The Lead

Pa. Senate committee approves bill that makes it easier to sue municipalities over local gun laws

By: - April 30, 2019 1:54 pm

A state Senate committee advanced a bill Tuesday that makes it easier for groups like the National Rifle Association to sue municipalities over local gun ordinances.

The legislation, introduced by Sen. Wayne Langerholc, R-Bedford, passed the Local Government Committee along party lines, 7-4.

Under state law, local municipalities in Pennsylvania are prevented from passing ordinances “dealing with the regulation of the transfer, ownership, transportation, or possession of firearms.” Cities like Philadelphia and Pittsburgh have tested the limits of state preemption over the past two decades with varying results.

Langerholc’s bill would allow any gun owner who lives in Pennsylvania, or any organization with members who are Pennsylvania gun owners, to bring suit against municipalities that violate the preemption clause.

An identical bill passed the full Senate 34-16 in 2017. Three Democrats — Lisa Boscola, Jim Brewster, and John Yudichak — voted in favor of the bill, while Southeast Republican Sens. Stewart Greenleaf, Tom Killion, and Thomas McGarrigle voted against the measure.

The House never took up the bill, which Gov. Tom Wolf promised to veto.

Similar language was — briefly — the law of the land in Pennsylvania.

In 2014, Republican Sen. Richard Alloway introduced an amendment that gave the NRA and similar groups the right to sue over local gun laws. It was shoehorned into an existing piece of legislation that created a new crime, the theft of secondary metal.

Gov. Tom Corbett signed the bill, and the NRA proceeded to sue Philadelphia, Pittsburgh, and Lancaster over ordinances requiring the reporting of lost or stolen firearms.

The victory was short-lived. In 2016, the Pa. Supreme Court struck down the law for violating the “single-subject rule,” which bars the Legislature from tackling differing topics in one piece of legislation.

In the interceding years, the General Assembly has passed one gun control measure, targeting firearm owners accused and convicted of domestic violence. But the lack of action in Harrisburg following the October massacre at the Tree of Life synagogue in Pittsburgh led that city’s council in early April to pass three gun control bills of its own.

Some were symbolic — like a measure to ban assault weapons if, and only if, the General Assembly ever gives the city that ability — while one takes Pittsburgh into uncharted territory.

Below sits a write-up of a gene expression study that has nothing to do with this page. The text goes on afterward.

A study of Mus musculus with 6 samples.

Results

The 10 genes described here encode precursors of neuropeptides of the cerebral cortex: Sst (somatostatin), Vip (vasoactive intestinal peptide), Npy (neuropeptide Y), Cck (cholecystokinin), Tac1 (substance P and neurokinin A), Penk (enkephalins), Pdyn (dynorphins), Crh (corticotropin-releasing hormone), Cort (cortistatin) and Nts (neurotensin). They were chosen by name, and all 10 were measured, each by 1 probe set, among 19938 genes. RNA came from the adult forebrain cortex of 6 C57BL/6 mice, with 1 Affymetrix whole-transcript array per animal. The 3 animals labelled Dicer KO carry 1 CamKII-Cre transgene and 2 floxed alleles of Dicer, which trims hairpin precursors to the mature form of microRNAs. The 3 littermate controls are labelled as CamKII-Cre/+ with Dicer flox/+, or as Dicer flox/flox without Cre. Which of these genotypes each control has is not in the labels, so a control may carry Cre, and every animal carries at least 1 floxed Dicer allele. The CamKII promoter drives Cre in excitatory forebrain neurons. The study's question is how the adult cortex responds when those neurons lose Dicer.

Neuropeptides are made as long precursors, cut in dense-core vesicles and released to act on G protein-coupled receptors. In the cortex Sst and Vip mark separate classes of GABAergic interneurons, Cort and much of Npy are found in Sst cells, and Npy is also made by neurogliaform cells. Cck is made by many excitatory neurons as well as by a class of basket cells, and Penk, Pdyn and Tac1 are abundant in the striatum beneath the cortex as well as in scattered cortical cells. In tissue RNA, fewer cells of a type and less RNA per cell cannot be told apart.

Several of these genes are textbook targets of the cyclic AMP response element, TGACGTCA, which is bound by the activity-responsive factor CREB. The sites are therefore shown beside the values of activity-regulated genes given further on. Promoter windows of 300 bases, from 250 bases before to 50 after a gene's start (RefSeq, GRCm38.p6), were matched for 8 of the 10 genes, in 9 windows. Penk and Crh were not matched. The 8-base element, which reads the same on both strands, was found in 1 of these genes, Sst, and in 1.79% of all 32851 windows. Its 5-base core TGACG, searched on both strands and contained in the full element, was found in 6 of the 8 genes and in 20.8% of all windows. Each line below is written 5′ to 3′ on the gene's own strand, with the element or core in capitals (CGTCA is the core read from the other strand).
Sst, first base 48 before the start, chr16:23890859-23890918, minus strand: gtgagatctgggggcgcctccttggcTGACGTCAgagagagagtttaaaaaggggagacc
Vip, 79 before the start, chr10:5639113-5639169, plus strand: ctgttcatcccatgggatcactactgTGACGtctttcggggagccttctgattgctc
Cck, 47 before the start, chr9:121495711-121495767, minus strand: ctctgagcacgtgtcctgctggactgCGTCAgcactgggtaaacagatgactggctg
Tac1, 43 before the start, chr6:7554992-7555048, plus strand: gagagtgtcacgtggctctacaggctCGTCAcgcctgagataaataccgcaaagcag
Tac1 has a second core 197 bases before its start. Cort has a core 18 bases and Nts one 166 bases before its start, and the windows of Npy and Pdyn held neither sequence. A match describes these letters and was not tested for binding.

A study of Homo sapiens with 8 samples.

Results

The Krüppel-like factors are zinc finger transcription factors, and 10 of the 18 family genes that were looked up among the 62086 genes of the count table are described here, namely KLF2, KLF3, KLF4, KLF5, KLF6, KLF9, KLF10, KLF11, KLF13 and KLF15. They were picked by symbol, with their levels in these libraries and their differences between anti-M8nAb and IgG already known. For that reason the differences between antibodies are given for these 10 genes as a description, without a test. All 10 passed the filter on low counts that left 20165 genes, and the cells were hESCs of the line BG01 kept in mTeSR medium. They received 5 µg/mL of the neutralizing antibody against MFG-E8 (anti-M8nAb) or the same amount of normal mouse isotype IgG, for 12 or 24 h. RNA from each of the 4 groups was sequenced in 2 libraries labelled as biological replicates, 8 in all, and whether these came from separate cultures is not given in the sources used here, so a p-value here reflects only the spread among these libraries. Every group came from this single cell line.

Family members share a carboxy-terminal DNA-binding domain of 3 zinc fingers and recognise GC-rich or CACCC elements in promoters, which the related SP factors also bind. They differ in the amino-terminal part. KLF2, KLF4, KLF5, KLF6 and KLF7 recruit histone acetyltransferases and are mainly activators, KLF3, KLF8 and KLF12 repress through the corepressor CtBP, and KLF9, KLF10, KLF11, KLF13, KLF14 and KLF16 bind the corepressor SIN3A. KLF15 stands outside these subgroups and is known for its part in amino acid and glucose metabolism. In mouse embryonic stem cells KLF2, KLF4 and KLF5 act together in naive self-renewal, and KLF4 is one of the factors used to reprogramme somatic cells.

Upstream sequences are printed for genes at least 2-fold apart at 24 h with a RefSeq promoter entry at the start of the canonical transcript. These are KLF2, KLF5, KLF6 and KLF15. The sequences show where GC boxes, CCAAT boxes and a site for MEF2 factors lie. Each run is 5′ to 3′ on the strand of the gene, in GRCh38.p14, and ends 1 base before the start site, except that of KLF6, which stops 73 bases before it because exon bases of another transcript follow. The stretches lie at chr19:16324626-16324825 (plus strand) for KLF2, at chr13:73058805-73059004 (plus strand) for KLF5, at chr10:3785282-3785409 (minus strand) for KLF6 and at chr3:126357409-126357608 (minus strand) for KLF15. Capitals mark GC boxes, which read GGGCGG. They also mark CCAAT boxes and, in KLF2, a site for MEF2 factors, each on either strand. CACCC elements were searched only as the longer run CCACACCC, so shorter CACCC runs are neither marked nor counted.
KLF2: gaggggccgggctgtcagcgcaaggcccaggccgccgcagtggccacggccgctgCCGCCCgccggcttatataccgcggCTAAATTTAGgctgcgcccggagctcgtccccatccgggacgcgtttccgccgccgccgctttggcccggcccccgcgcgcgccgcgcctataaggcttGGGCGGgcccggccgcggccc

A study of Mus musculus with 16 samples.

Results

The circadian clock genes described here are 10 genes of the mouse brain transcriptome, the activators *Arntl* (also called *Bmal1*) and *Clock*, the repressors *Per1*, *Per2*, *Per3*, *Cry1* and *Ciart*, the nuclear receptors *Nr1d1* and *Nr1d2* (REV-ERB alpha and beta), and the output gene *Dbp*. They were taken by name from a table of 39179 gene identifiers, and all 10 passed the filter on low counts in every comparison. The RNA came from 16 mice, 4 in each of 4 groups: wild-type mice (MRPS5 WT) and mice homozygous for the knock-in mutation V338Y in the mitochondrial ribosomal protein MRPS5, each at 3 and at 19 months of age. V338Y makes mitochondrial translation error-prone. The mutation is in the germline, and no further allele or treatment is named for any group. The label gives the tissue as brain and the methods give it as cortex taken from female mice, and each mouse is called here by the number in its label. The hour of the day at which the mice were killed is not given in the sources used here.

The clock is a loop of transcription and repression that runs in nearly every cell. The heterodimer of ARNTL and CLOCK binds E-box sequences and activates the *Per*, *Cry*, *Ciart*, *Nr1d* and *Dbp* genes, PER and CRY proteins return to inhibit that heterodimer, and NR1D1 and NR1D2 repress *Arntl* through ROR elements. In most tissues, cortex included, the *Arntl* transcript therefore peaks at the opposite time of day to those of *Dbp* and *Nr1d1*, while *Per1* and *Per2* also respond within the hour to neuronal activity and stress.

Under “red flag” legislation passed by the council, a law enforcement officer or family member will be able to petition the Pittsburgh Municipal Court to temporarily confiscate firearms from a person at risk of harming himself or others. The creation of a statewide extreme risk protection order system is a top legislative priority for gun-control advocates in Harrisburg.

In defiance of Harrisburg, Pittsburgh passed its own gun control laws. What happens next?

So far, three separate legal actions have been filed against Pittsburgh. One, brought by city residents with the help of the NRA, targets a ban on carrying loaded ammunition magazines of a certain size. Another, brought by pro-gun political action committee Firearms Owners Against Crime, seeks an injunction against Mayor Bill Peduto and the council.

The third is a contempt petition brought by the Allegheny County Sportsmen’s League, which in 1995 settled a suit against the city over an assault weapons ban. While the settlement agreement states that both parties agree to follow Pennsylvania law, it also makes no judgment one way or the other about the question of preemption.

An Allegheny County Common Pleas judge is set consider the suits in late May.

Sarah Anne Hughes

Associate Editor Sarah Anne Hughes covers the governor and Pennsylvania's agencies. Before joining the Capital-Star, she was the state capitol reporter for Billy Penn and The Incline, and a 2018 corps member for Report for America. She was previously managing editor of Washington City Paper, editor-in-chief of DCist, and a national blogger for The Washington Post.